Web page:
My Ohio: Concrete allows rain to soak through, sidesteps need for sewers to take away water

Cleveland sewer headquarters tries new pavement

CLEVELAND - There are more than 1,400 miles of sewer lines criss-crossing in the world below the surface of
Cleveland. The rain that falls finds its way to street catch basins, which gulp in the water bound for sewer lines that take the rain to Lake Erie.

However, there could be a cost savings if the concrete pavement actually were able to soak up the rainwater instantly, allowing it to soak into the soil below. That prospect excites Rachid Zoghaib, commissioner of  Cleveland Water Pollution Control, the service that maintains Cleveland's sewer lines.

As part of an experiment, Zoghaib's group has laid a  patch of pervious concrete half the size of a football field. Resembling a cake of Rice Krispies cereal, this concrete is porous enough to allow water to flow through. There is no need for sewer lines to take away the rainwater that falls on this part of the Water Pollution Control's parking lot. The water vanishes as soon as it hits the pervious concrete.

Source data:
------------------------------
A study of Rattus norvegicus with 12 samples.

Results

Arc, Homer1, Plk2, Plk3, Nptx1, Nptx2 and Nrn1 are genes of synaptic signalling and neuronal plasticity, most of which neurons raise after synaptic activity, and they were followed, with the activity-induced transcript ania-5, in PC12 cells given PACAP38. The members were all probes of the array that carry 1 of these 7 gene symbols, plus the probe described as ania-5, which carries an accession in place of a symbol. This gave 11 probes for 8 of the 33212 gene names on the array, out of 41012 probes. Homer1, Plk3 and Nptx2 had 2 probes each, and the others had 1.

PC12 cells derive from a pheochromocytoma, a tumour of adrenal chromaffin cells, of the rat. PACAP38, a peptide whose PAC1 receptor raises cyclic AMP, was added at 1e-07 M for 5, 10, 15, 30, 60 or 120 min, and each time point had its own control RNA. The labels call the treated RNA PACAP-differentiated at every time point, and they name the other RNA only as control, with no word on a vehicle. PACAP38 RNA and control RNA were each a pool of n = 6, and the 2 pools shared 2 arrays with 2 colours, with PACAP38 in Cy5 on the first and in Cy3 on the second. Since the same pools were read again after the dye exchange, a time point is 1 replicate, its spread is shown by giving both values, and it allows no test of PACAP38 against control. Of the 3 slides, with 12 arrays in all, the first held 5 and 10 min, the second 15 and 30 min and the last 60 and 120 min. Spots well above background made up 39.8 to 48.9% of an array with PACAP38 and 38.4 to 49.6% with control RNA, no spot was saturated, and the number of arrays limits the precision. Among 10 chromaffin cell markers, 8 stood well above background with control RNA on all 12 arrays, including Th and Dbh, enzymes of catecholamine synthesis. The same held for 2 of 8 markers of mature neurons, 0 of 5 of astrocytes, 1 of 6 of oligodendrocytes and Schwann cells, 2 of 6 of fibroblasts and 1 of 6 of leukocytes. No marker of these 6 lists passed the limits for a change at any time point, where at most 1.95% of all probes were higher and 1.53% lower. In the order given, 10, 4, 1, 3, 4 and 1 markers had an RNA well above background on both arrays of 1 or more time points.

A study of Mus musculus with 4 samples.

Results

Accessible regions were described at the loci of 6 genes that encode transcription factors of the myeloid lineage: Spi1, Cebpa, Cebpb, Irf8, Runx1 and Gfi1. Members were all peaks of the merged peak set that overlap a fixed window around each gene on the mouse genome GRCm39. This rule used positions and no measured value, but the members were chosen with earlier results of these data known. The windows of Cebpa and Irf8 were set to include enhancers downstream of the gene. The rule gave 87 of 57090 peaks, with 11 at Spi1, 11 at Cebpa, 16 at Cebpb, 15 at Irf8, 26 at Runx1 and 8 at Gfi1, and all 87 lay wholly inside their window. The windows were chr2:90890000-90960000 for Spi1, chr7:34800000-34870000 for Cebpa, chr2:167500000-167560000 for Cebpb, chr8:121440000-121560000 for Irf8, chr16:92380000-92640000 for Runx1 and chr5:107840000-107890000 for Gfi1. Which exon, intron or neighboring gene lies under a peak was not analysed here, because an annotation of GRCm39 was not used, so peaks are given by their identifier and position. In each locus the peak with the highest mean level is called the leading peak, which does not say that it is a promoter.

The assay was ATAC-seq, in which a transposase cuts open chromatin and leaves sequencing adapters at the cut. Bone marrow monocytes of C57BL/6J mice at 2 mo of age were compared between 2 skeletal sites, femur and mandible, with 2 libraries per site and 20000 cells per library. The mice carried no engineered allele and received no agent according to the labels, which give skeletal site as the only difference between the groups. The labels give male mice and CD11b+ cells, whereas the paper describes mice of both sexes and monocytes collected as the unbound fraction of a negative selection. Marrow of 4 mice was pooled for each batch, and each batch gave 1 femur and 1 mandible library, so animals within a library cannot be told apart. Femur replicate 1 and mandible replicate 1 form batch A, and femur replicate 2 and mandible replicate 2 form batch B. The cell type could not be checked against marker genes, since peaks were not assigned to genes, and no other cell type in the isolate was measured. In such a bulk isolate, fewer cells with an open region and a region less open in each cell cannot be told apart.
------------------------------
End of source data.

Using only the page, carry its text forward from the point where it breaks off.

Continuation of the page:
"The rainwater that usually goes through the sewer system now is being soaked underground," said a beaming Zoghaib as he showed a video of a heavy rainfall.

Indeed, the water disappeared while the water on the regular concrete remained on the surface, flowing leisurely into a nearby drain.

On days when the rainfalls are heavy, streets can become flooded because of the volume of water hitting the concrete and asphalt surfaces. When the sewers are at capacity, there is no place for the rain to run. So the streets are flooded with rainwater.

Zoghaib could not estimate the cost savings with less use of sewer lines for any community that decided to do that. However, he did cite a housing development in the Minneapolis area.

"They used pervious, or permeable, pavement there for a mile of the subdivision without the use of storm sewers or drains," said Zoghaib.

With a water-spewing hose flowing water onto his patch of concrete and water disappearing as quickly as it was spewed on the pavement, the commissioner of Cleveland's water pollution control would not say pervious concrete would be the future for cities, but he did say he thought there could be more uses of it.

However, officials at Tech Concrete in Cleveland said the cost of pervious concrete runs about 25 percent higher than that of regular concrete.  Also, with its use, they said, there must be a campaign to keep the surface free of dirt, which can clog its crevices and pores, stopping water from flowing through.

Still, Zoghaib thinks the concrete has proven itself enough for him to take his thoughts on the pavement to conferences where city officials from throughout the nation gather to discuss innovations in sewers and in ways with dealing with heavy rainfalls. He expects the subject will bring a flood of interest.